It is estimated that there are over 1.2 million Croats, including their descendants, living in the United States.
Most are based in the states of Pennsylvania, Illinois and Ohio in Pittsburgh, Chicago and Cleveland, as well as in California. There are also large communities in Missouri, Indiana, Minnesota, Kansas, Montana, New York, and New Jersey.
It’s rare to find a single-family Croatian surname today in the United States, but Joe Mikecin thinks it is.
The name Mikecin comes from Novigrad in the county of Zadar on the Dalmatian coast of Croatia.
“I am the only Mikecin in the United States. I have been contacted by several Croatians asking how I came to the United States with this surname. Well, it’s kind of a great story,” Joe tells us, before explaining.
“My grandfather, Joe Mikecin, I think it was Josip, but I’m not sure, came to the United States in 1920 from Novigrad. He lost 4 brothers during the First World War. Apparently they tried to enlist my grandfather so he left for the United States with just the clothes on his back. He married a German, my grandmother Teresa, and they had two sons, Donald and Joe. Donald died of a childhood illness. My father Joe was very proud of his heritage.
My grandfather, along with many Italians, landed on Ellis Island in New York after World War I. He had a godfather named Branko Mikecin. We don’t know what happened to Branko, but do know he was a relative.
Grandfather worked in the oil fields in Texas before settling in St.Louis, Missouri. Since he was a mason by trade, he built a house in the town of Saint-Louis. The Croats helped him build his house. Its walls are two feet thick and it still stands today. It was during the Great Depression, so grandpa paid for them by feeding them. People were desperate back then. My grandfather had a large barbecue in the back to cook the lamb.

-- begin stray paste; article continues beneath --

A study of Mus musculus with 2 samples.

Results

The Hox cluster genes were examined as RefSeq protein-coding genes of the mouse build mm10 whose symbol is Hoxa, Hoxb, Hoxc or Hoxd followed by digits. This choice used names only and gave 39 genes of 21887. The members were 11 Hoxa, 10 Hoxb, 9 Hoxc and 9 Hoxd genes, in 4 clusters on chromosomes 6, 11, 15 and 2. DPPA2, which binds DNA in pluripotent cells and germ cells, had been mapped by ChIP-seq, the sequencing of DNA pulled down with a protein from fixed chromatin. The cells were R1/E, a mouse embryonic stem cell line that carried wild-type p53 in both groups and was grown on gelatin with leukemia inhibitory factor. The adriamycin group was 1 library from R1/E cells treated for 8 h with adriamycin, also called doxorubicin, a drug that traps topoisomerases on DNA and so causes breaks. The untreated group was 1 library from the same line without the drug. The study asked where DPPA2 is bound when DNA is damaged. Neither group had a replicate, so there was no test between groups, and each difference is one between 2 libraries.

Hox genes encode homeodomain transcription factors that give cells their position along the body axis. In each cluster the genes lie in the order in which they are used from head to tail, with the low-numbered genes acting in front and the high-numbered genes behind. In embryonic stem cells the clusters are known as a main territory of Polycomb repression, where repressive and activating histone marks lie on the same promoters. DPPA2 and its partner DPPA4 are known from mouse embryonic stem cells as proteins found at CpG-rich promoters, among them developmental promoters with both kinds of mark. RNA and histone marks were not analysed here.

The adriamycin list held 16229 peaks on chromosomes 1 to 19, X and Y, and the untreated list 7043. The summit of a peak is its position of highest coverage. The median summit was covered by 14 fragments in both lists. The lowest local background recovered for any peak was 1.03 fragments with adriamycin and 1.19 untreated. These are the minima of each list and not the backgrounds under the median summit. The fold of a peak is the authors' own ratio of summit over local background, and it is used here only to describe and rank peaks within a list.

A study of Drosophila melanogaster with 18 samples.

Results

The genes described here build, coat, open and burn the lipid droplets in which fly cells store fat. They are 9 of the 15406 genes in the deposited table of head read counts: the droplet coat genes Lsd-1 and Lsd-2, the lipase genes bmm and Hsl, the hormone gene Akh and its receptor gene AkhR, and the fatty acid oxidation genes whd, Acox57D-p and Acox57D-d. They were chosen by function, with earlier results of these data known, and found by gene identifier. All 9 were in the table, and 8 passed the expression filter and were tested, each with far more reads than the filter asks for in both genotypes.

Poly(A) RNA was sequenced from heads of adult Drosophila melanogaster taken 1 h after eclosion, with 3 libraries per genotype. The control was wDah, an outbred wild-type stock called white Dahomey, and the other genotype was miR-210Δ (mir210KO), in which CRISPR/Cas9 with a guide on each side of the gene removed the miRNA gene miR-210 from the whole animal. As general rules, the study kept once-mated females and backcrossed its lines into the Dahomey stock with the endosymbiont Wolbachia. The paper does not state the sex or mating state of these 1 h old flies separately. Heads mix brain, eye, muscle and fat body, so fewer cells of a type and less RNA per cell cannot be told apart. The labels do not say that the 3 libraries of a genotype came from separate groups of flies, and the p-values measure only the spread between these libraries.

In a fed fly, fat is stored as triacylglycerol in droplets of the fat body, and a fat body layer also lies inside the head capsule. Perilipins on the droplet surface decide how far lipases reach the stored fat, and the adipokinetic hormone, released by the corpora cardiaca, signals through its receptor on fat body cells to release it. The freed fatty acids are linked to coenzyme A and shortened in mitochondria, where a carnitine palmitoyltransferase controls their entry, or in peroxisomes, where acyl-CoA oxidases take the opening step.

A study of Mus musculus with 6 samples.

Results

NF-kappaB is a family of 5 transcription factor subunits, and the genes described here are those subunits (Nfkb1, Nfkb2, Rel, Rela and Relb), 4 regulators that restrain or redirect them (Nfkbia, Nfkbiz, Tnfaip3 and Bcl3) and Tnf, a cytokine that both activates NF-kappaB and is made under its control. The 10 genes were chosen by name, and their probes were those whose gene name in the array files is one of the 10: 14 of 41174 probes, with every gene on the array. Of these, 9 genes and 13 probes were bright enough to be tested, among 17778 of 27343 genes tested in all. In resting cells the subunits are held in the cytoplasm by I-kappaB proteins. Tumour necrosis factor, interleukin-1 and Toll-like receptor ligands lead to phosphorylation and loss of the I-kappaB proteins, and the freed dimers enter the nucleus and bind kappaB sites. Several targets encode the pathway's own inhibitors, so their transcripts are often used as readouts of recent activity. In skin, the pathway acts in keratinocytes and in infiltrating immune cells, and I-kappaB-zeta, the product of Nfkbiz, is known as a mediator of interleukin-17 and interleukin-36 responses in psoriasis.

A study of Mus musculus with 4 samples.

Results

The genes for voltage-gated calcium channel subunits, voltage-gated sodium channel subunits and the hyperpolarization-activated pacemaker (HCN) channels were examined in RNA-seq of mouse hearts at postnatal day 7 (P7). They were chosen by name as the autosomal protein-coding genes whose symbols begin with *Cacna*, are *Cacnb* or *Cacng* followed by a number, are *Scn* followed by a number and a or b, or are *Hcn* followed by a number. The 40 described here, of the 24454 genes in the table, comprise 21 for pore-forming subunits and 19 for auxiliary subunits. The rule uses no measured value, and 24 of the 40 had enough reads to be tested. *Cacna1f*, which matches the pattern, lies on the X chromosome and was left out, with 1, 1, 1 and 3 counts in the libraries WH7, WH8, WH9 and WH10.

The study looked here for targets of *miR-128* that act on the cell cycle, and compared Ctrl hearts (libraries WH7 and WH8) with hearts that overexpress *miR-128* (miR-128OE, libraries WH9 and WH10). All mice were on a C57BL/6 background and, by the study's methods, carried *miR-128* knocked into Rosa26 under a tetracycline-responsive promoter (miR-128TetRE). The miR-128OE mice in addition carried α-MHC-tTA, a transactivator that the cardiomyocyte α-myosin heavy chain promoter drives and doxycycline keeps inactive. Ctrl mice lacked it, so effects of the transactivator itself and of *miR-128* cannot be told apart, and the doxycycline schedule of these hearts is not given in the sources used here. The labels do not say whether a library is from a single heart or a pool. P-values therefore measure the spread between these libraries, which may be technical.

My father joined the navy during World War II. He was released and had 8 children. I had 6 sisters and one brother. My brother was unfortunately killed in a tragic accident. I got married and have two kids, Mark and Maggie,” says Joe Mikecin.
Joe himself enlisted in the Marines and later the US Army and saw action in Iraq and received a Purple Heart. His son, Mark, also joined the Air Force and became an aerospace engineer.
“He has secret clearance and flies F-15c fighter jets. Needless to say, I’m very proud of my son. And his daughter of course. It’s really nothing special. However, it is strange that a man like my grandfather fled the war-torn Austro-Hungarian Empire at the time and then had children who produced three generations of fighting Mikecins,” Joe adds. .
Joe, who currently resides in Foristell, Missouri, says he couldn’t be more proud of his Croatian heritage.
“We grew up with Croatian food. Finally we Americanize it a little. I love lamb shank. I actually love hunting deer and use deer shank instead. There is a Croatian Catholic church about an hour away – St. Joseph’s Catholic Church. They do church in Croatian and English. I don’t know the Croatian language, I only swore when my father and grandfather were angry. I can’t wait to go to Zagreb and Dalmatia soon, where my grandfather is from,” concludes Joe.